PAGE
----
David Dunne explains the process of gutting and skinning a goat for meat.
Hang and bleed the goat by making an incision just above the heart at the arteries.
Remove the head and front hocks. Open up the neck fully from the bleeding incision.
Remove the testes and genitalia.
Make a small incision in the gut – making sure not to puncture any of the organs. Place the handle of your knife into the carcass, with the blade sticking outward push down toward the chest.
Remove the anus. Cut a 5cm (2 inch) ring around the anus, carefully cutting the attached membranes and freeing the colon. It’s really important not to puncture anything here.
Push the anus through the the front – where the organs are hanging. Pull the organs out towards yourself and downward. Slice through the diaphragm walls (the thin membrane separating the chest from the abdomen), working all the way through to the spine to separate it. Now take hold of the windpipe, making sure to grab it above the lungs and heart. Pull it towards you until it’s taut, then sever with your knife.
Tug firmly on the windpipe, removing all the entrails in one strong movement. If they don’t come away easily, see if there’s any tissue still connecting it to muscle and slice this away.
*This animal was utilised purely for meat, if you are going to skin it this way the skin won’t be able to be utilised for tanning. A different method of skinning will need to be used if you do want to tan the hide of your goat.
Cut away and remove skin from the chest and the under side of the front legs (closest to the chest). Then slice the skin around the front legs.
Separate the skin on both sides of the flank cutting up towards the back legs.
Make an incision in the skin at the inner thigh cutting up just above the hock on both sides. This will help you easily remove the skin on the inside of the back legs.
Pull the skin out and, using your knife, slice your way around the back legs and making sure the flank is now fulling separated on both sides.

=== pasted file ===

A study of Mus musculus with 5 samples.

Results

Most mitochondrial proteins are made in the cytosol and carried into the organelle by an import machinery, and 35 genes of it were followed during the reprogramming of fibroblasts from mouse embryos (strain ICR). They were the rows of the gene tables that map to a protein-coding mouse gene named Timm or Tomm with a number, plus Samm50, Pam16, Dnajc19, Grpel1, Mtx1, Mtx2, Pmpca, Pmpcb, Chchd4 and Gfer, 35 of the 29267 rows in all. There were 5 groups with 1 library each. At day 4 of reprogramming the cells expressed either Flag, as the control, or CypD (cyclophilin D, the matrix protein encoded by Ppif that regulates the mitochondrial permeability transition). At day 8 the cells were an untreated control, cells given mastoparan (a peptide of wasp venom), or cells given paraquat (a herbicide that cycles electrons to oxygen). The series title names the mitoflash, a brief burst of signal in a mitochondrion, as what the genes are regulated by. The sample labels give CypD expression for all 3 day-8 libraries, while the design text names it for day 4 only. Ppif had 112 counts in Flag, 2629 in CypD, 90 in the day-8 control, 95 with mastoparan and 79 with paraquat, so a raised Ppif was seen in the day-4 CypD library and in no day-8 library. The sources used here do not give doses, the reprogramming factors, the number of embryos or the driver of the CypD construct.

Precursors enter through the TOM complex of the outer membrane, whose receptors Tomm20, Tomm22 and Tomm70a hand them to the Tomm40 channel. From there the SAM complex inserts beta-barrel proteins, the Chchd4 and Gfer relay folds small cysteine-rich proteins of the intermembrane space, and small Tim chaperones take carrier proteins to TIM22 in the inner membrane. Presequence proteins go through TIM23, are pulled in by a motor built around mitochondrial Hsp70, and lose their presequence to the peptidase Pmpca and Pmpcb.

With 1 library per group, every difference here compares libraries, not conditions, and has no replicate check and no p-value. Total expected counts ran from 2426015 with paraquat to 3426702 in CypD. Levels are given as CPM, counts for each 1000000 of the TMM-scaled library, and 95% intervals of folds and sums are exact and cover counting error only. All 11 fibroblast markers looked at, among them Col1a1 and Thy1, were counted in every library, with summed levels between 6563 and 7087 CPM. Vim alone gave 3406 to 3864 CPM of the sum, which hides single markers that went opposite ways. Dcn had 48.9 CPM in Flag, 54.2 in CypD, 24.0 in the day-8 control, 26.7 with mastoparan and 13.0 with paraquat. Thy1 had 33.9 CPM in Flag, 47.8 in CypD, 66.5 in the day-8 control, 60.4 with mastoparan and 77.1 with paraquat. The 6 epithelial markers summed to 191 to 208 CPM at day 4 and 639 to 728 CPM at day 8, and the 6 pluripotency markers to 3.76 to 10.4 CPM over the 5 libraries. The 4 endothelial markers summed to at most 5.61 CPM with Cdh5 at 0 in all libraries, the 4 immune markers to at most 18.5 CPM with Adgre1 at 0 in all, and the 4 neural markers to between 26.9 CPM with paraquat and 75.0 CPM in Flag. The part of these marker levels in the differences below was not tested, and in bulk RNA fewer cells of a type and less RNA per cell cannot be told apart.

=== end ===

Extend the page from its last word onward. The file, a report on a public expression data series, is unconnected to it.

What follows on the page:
Come around the back of the goat now and start removing the skin on the back of the legs, starting up near the hocks. You can now start to pull the skin downward and cutting the membrane between the skin and the meat.
Using a small hand/tea towel for grip hold onto the flank and with the other hand start pulling the skin away from the meat. This can be quite a difficult task with goats but the towel should help.
Once the skin is removed from both flanks, remove the tail by cutting it at the closest vertebrae to the carcass. The continue cutting the skin away around the tail area, again pulling the skin back toward yourself and down as you do.
Use one hand to hold onto the skin and place the other hand in a fist closer to the carcass, punch down on the skin with your fist to start separating the skin. This can be quite difficult with goats and you may want to use your knees and body weight when the skin is far enough down.
Pull the skin away from the front legs and front of neck. Using your body weight again, pull the rest of the skin off the back of the neck, freeing the skin completely from the carcass.
Split the carcass at the cartilage of the pelvis, between the legs. Then split the rib cage down towards the incision at the base of the throat.
Remove any of the blooded flesh around the throat where the animal was bled. And you are now ready to hang your carcass in the cool room.
Sometimes it doesn’t make sense to do that though and if you’re new to hunting, having to gut an animal can be messy and a little confronting – which is totally understandable.
Here is a method that we filmed while attending the Game Hunters Association of Australia Hunter Education course.